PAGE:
Canada Newswire 9 Nov 2011
On November 14, 2011, trial will begin in Carter v. Attorney General of Canada, which seeks to legalize assisted suicide and euthanasia. Last year, Parliament defeated a bill seeking a similar result. The vote was 228 to 59. EPC was an instrumental force in obtaining this overwhelming defeat. EPC and EPC – BC have intervenor standing in Carter. They oppose assisted suicide because legalization is a recipe for elder abuse and a threat to individual patient rights.
A recipe for elder abuse
Will Johnston, a Vancouver physician and Chair of the EPC – BC states: “I see elder abuse in my practice, often perpetrated by family members and caregivers. A desire for money or an inheritance is typical. To make it worse, the victims protect the perpetrators. In one case, an older woman knew that her son was robbing her blind and lied to protect him. Why? Family loyalty, shame, and fear that confronting the abuser will cost love and care. Under current law, abusers take their victims to the bank and to the lawyer for a new will. With legal assisted suicide, the next stop would be the doctor’s office for a lethal prescription. How exactly are we going to detect the victimization when we can’t do it now?”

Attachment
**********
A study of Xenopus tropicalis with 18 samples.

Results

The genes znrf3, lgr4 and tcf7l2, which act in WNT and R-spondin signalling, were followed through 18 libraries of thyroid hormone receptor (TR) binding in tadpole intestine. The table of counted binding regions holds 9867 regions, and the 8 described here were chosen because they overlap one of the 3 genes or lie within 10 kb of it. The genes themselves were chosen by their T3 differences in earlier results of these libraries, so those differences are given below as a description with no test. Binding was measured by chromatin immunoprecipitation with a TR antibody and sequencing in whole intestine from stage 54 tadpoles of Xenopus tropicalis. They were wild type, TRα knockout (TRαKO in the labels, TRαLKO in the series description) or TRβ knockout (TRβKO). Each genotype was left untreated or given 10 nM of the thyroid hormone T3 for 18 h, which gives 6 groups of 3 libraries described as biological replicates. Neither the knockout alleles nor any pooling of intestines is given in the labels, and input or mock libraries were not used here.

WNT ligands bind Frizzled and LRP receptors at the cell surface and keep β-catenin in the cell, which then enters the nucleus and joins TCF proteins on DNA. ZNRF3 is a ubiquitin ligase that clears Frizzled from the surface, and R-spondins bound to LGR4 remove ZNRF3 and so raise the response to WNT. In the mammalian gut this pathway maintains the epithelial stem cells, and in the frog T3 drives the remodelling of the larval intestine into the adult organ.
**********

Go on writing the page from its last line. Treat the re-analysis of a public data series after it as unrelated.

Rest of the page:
If assisted suicide were to be legalized under Carter’s Amended Notice of Civil Claim, new paths of abuse would be created. A more obvious path is due to a lack of oversight when the lethal dose is administered. This situation creates an opportunity for a family member or someone else to administer the lethal dose to the patient without his consent. Even if he struggled, who could know?
Preventing elder abuse is official Government of Canada policy.